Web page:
But the writing? Not so much.
I’m not complaining. Summer for me has always been a time to regroup, to stare into the horizon and dream nonsense dreams, to lie in the hammock reading whatever book you want. With no big trips planned and the heat overtaking my mental faculties, this summer has turned into one giant reading festival chez moi.
As a child we went to the little cold-water cabin we rented on the Chesapeake Bay every summer. After we cleaned out the mice and poured lime down the outhouse we did as little as possible: swimming every day, fierce badminton, swinging in the hammock, endless games of crazy eights and solitaire, and reading after lunch. I was not, I hesitate to confess, one for lying around in the heat of the day, book or no book. I preferred tearing through the woods, searching for the feral cats, running down the cliffside steps to the dock and jumping in the water. When my father came on weekends he took us sailing in his little turquoise boat. Or in the cute but tipsy yellow bathtub boat he made us, with the polka dot sail. Or the red canoe. Anything to be out on the water where it was cool and lovely.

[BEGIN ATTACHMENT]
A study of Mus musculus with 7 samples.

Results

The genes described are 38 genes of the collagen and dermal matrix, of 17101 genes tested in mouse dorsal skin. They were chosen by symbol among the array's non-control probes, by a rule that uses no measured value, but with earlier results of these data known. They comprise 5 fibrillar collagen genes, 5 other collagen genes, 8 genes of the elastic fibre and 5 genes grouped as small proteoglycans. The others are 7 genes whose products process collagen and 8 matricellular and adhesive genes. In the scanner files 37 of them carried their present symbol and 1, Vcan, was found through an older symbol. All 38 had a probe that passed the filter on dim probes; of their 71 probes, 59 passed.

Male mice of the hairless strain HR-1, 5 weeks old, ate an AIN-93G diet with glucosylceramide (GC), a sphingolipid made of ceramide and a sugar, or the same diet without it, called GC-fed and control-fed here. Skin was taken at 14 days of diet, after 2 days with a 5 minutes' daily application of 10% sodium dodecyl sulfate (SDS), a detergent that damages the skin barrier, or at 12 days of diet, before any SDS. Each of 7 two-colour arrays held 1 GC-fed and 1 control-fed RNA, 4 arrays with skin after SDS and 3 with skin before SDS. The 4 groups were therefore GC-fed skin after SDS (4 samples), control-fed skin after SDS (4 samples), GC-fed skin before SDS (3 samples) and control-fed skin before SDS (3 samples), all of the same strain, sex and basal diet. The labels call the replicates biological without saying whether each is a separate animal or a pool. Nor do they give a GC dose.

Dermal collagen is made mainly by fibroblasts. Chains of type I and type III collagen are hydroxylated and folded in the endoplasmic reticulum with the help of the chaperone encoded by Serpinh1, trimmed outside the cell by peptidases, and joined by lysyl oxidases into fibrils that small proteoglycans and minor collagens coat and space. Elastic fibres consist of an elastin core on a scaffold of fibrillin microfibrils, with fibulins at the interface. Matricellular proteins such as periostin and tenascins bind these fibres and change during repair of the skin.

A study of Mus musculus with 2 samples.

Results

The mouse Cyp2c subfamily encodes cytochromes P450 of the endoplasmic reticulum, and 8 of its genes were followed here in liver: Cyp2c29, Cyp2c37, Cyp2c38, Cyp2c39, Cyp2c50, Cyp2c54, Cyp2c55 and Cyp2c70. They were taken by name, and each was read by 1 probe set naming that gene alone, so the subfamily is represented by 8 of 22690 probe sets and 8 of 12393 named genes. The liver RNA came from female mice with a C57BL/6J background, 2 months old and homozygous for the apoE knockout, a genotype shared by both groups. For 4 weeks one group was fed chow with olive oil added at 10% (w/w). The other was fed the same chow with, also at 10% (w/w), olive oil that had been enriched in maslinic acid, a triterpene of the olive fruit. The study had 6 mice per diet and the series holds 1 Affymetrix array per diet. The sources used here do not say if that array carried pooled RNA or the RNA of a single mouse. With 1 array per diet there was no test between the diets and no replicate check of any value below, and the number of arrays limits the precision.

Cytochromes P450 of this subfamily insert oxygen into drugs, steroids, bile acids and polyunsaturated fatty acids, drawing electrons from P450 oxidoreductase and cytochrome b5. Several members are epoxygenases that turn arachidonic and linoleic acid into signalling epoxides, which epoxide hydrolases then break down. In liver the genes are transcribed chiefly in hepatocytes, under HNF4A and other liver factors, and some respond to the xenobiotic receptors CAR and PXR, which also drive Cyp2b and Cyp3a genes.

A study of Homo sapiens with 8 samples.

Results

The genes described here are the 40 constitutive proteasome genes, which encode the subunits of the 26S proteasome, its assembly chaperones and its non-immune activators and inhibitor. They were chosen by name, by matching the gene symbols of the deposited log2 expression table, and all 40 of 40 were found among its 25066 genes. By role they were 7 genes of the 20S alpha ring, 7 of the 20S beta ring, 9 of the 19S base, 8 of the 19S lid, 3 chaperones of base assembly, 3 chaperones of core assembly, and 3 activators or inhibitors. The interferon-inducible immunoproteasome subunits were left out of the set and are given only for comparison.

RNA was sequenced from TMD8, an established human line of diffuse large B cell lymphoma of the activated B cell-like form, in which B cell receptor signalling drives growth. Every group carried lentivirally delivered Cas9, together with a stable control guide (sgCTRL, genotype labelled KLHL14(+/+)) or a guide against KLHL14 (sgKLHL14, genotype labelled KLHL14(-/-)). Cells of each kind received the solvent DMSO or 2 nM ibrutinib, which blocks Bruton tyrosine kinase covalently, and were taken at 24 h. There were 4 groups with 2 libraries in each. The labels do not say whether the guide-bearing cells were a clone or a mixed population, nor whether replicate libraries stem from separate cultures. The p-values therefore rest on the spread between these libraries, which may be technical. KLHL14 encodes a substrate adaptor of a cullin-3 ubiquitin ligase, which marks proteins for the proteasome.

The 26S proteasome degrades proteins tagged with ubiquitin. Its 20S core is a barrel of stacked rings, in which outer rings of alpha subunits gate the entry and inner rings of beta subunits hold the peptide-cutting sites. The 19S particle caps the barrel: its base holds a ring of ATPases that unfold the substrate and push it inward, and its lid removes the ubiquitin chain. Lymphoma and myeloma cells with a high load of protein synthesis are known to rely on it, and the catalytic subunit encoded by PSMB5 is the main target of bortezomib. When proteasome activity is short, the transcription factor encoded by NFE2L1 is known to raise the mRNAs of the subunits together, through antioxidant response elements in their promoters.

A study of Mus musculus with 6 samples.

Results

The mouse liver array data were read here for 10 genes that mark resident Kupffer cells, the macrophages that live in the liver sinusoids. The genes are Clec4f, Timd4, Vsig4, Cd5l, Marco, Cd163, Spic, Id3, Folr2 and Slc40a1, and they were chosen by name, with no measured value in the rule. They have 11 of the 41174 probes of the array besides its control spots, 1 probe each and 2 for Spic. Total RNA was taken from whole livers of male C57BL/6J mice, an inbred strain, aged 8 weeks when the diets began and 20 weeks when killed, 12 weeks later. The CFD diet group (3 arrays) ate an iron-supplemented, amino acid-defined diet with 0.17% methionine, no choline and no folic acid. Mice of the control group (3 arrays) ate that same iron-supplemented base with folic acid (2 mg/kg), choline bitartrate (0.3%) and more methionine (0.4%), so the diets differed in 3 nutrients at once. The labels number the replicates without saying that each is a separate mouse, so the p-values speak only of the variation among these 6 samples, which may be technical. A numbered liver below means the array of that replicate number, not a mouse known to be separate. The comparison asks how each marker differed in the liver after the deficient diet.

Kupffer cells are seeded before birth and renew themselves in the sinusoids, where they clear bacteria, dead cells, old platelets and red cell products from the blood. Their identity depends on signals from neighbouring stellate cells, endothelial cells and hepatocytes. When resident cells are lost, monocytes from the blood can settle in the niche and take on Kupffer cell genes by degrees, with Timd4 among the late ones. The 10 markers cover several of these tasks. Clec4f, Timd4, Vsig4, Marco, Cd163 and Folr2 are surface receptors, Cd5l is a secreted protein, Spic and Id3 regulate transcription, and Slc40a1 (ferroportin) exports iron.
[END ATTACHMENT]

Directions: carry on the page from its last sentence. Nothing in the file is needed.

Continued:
When we moved to the midwest all that came to a screeching halt. No more boats, no more cabins, no more easy-breezy summers. But we were getting older. Mother signed us up for the library’s summer reading program. I discovered Daphne du Maurier and fell in love. It took awhile for me to curb my wayward summer ways, running wild in the neighborhood, teaching swimming lessons so I could swim for free, cruising the city with my friends late at night. I had summer jobs but nothing that really interfered with my summer goals: having fun until school started again.
Now my idea of decadence in the summer is reading all afternoon by the pool. A dip to cool off then more reading, a cold drink, more reading, a nap, more reading. What do I read? Anything I want. Which is the real freedom of summer and adulthood.
I’ll have time to write when the weather turns cold and the leaves change. I’ll want to write when the chill stirs my imagination. But for now there’s only this one afternoon, this book, and a stretch of time.